How ignoring the nudges lead to a walk home
Jan 12, 2020
How many times does it take of ignoring the whispered knowings to realise the importance of listening?
Quite a few it seems.
Last night my 16 year old and I decided we'd go for an early bike ride to stretch our legs following our overnight tramp. Bike up the hills, enjoy the view, have a cuppa half way. Well more precisely I needed the stretch and my son was keen to come.
I woke this morning with a lingering feeling about a puncture.
Now normally this would cue me. A bit like Neo in the matrix when he see's a glitch with the cat. Pay attention. What's the message here? What could I be doing differently? What do I need to do to get a better outcome?
But for some reason today I wasn't concentrating on the wisdom floating towards me.
"Hmm, must find my puncture repair kit - haven't unpacked it since moving" I thought to myself. I even went so far as to mention to my son that I needed to check my puncture repair skills (my record so far is 100%. !00% re-puncturing the inner tube as it goes back on the wheel.)
Perhaps remembering this frustration was what side tracked me.
Whatever it was, I happily hoped on my bike, sunscreen applied, water bladder on my back and off we went. All bike tools left somewhere in a yet-to-be-unpacked-box in the garage.
Three hours later and 2.4 km from home - you guessed it. I got a puncture. No idea how. Nothing on the road to cause it that either of us could see. But there it was. All the dream and floating hints came flooding back. Luckily it was a lovely day for a walk as well as a bike ride.
Several take home messages here.
1. Listen to the nudges.
I first learned this years ago when sitting outside in the sun. I heard a whisper in my ear "bring in your washing". Working as a clinical psychologist back then, it wasn't the done thing to admit to hearing voices. So I did the next best thing: - looked around me, saw no-one, saw a completely blue sky with zero clouds and carried on drinking my coffee.
Two minutes later ... "Bring your washing in" whispered the gentle yet persistent voice. Feeling decidedly strange I stood up, looked around. Definitely no-one there and definitely a blue sky. Then out of the blue, before I finished my coffee it rained. A downpour. My almost dry washing was as wet as it had been when I hung it on the line.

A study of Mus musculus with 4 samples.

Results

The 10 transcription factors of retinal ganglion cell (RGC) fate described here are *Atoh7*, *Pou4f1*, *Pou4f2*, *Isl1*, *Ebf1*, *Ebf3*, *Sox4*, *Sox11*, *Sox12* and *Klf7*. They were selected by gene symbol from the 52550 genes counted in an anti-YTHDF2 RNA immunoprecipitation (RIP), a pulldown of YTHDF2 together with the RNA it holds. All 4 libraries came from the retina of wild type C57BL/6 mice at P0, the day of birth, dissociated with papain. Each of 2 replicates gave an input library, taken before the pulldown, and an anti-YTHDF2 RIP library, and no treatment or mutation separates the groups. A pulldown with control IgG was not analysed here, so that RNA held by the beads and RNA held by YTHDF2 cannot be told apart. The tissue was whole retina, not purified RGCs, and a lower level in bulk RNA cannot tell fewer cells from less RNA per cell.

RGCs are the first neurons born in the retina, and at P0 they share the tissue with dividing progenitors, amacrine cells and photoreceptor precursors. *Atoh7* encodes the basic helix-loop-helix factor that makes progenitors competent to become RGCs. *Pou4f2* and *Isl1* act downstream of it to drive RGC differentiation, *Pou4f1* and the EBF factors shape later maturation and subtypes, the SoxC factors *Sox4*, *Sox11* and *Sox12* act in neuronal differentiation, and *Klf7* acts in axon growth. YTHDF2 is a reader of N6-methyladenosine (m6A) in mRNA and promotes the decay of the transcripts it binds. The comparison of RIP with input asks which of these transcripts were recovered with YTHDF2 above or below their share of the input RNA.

Since then I've learned a bit more about these nudges. At a conference I was at one of the keynote speakers (a surgeon) spoke about the importance of listening to these intuitive knowings. He cited examples of people who had been injured saying if they'd listened to their gut sense to duck, they wouldn't have been injured. Of people who said they had a gut sense to duck - if they hadn't they'd have been dead. And he cited an example of an anaesthetist who had a dream which he ignored (much like me on my bike today) of his equipment failing during surgery. It turned out that that is exactly what happened the next day and the patient died. Hmm, listen to the nudges.
2. You are a soul being, with so much support around you.
Sometimes this support is wanting you to know something and these nudges are a form of communication to pay attention to.
3. Stages of change.
Sometimes a little relapse can help you revisit what is going on. In this case for me, to reaffirm my commitment to listening and honouring the support so inherently around me.
So next time you have a Neo Matrix Moment my advice to you is:
- Take a moment to reflect. Really. Put everything aside for a moment and reflect.
- Ask "what happened last time" (be it your dream, premonition, or in my case puncture repair)
- Ask "what do I need to do differently to get a better outcome?"
- Trust yourself and the responses you get. It might be the difference between walking or cycling home.